Tuesday, May 11, 2010

Other People's Books, Other People's Babies

My brother doesn't like to read for fun. (I know! But he's not embarrased by this). His "library" is thus a bit, shallow, and reflects his interests: cars and rifles and such. He has other books that serve as a kind of wallpaper. Since I am at his house now, and needed a book to read, I went with the wallpaper: volume 40 from the Britannica Great Books of the Western World series, volume 1 of Edward Gibbon's, The Decline and Fall of the Roman Empire.

All my reading life I have been seeing these nods and genuflections and references to Gibbon so, I thought, here's my chance. Three nights of reading have gotten me to page 7 (see above). You can probably guess why.

Well, if you are guessing it's because Gibbon is boring that's not right. But he demands concentration - that kind of concentration that you have to give to foreign language tapes if you're actually going to learn how to ask for a kilo of grapes and where is the emergency room - the kind that puts you to sleep. Focus! Focus! zzzzz.

I am actually in awe of the writing, though. No one writes like this anymore and while that may be a good thing for keeping the pages turning and film adaptations that can get Russell Crowe into a short tunic, I admire it. A lot.

I read this little sentence yesterday, about the political sequence in Rome at the time of the conquest of Britain:

After a war of about forty years, undertaken by the most stupid, maintained by the most dissolute, and terminated by the most timid of all the emperors, the far greater part of the island submitted to the Roman yoke.

Not for everybody, I suppose, but I think it's great. I also like the way he encapsulates the reasons for the defeat of the native Britons:

The various tribes of Britons possessed valour without conduct, and the love of freedom without the spirit of union. They took up arms with savage fierceness; they laid them down, or turned them agains each other with wild inconstancy; and while they fought singly, they were successively subdued.

I'll stop now.

Baby News

Talk about burying your lead! The Niblet is home. He's lovely. My brother asked me to handle a 6 AM feeding (based on a schedule they worked out at the hospital). I agreed, of course but added that the Niblet was unlikely to stick to a schedule. "When he wakes up and cries, feed him." My brother said, "he's used to getting fed at 6 AM." He set an alarm for me and I got up at 6. It has been all silence in the room of the little family since then and I have been reading blogs. Oh wait! I hear crying. Bye!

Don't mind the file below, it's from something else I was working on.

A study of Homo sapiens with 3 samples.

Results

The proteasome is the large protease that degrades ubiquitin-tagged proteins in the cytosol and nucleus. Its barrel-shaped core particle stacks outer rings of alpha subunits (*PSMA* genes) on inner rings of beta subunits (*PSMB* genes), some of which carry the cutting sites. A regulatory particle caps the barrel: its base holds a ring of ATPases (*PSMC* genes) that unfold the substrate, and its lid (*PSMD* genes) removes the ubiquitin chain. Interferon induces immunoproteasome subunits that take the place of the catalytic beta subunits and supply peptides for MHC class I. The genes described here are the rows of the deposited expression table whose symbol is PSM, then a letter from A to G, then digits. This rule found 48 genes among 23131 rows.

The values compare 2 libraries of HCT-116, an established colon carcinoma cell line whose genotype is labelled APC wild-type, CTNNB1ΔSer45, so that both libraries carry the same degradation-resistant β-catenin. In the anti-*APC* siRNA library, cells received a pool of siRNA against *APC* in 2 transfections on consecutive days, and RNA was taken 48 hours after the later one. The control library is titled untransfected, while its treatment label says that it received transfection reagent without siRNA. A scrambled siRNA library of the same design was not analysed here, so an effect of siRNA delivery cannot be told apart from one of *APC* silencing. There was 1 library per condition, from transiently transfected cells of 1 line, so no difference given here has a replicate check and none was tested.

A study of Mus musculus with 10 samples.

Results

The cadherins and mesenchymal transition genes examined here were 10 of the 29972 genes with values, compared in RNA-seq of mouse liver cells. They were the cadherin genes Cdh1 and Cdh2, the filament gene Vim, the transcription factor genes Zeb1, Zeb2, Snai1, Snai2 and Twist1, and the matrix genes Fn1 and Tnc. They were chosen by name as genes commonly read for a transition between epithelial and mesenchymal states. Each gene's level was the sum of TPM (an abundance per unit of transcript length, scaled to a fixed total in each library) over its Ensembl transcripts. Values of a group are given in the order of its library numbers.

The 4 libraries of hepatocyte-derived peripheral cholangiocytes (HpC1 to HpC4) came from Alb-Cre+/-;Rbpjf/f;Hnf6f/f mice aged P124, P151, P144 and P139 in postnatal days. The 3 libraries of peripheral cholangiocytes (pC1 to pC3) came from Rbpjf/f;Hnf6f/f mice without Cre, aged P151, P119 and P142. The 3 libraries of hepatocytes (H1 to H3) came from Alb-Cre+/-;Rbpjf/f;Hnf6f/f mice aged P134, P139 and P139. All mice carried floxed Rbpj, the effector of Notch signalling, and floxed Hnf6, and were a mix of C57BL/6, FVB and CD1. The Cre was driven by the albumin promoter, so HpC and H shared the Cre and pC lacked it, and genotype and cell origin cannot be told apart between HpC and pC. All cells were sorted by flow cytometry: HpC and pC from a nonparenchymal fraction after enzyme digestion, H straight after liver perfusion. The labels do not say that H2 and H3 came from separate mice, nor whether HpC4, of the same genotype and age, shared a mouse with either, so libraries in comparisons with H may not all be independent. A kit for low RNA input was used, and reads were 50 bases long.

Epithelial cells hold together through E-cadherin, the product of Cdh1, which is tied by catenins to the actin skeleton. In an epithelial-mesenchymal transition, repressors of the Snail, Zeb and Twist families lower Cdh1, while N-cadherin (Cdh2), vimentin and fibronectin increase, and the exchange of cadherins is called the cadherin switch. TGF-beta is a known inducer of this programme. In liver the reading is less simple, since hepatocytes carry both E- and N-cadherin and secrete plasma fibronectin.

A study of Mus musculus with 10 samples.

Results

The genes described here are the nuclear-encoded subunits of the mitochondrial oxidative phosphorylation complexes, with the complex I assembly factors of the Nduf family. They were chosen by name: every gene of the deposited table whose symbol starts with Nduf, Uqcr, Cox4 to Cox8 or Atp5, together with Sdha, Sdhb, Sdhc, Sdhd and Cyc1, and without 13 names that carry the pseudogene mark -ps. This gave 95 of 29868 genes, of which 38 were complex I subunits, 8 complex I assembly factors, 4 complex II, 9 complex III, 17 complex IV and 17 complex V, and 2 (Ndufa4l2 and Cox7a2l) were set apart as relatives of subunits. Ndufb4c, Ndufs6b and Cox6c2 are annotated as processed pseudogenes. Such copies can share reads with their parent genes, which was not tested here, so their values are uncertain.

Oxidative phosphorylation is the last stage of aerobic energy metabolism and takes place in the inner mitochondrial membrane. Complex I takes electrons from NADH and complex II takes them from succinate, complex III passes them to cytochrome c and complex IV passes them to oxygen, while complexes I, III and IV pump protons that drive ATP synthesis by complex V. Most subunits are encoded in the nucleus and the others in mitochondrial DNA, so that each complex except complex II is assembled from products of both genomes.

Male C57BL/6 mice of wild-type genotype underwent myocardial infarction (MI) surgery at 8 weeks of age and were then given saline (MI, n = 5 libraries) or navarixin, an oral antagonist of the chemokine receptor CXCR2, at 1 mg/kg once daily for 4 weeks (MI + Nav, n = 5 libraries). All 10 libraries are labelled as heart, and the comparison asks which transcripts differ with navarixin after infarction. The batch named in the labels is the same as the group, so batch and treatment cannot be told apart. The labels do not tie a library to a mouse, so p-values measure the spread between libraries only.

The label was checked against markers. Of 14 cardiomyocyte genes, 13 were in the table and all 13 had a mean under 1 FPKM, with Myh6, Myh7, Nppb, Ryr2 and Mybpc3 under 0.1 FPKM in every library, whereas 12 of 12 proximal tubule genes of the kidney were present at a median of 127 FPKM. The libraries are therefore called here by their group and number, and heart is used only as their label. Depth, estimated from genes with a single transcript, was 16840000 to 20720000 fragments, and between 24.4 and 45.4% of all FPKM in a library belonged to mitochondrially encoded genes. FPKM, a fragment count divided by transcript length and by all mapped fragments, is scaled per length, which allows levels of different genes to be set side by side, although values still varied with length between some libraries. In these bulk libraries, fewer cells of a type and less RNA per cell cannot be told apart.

Lulu LaBonne said...

As a non-parent I am not allowed to have views on raising children - which is a good thing probably (my view is that they should all be swapped around because no-one ever gets the parents they wanted)

Babies are nice though so glad you're enjoying this one

R. Sherman said...

It's sad to think that writing like Gibbons' has been lost to our youth. There was a time when he was read in high school without any thought. (My father read Decline in the mid-1930's.) All is not progress, methinks.


KSV Woolfoot said...

Lulu - I don't remember much about that old movie, "King of the Gypsys" (I think I have the title right) but I remember a bit of interior dialogue of the main character. I'm paraphrasing but it was "Who you get for parents is the most important decision of your life and you have no say in it." Funny about the human condition. I made myself useful last night by taking charge between 1 AM and 7:30 AM. Most of that time on the couch holding baby and trying to find something good on cable (BTW - since when has cable started supplying porn at no charge and with no warning? I was afraid to surf channels!) Anyway, baby was so sweet and peaceful (as long as he was being held) it made me almost half think about another one for us.

R - I'll confess that I have moved onto my brother's show-copy of Moby Dick. The type is biggger at least.

uphilldowndale said...

Oh glory! Schedule, alarm clock?
Hello........ there is a BABY in the house. He calls the tunes, it is his birthright ;)
Not sure why I am feeling quite so unsympathetic here; I think you need to go home and let them take responsibility and maybe even bond with the wee chap..

neill said...

a newborn baby schedule! good one! :)

Madame DeFarge said...

I haven't read Gibbon, but am reading another book about the decline of the Western Roman Empire. I think I shall start Gibbon. His writing seems infinitely better than the one I'm reading.

KSV Woolfoot said...

Mrs. UHDD - You're right, of course, but they are all at sea right now. As I write I am back at home and they are all on their own now. I can't help worrying, the poor things are in shock, but that's how it goes.

OMN - Remember, they have only been parents for about 2 weeks and baby spent the first 11 days in the hospital, where nurses had a schedule posted over the little acrylic crib... My brother thought that was real for home use too. I think he has come around now.

Hi Mme - I think you may be the absolute perfect reader for Gibbon.

uphilldowndale said...

I just hope mum and dad have a some friends in the same boat, otherwise it could get a bit isolating.
Course if you get out and about with babe, he will introduce you to his circle of friends!!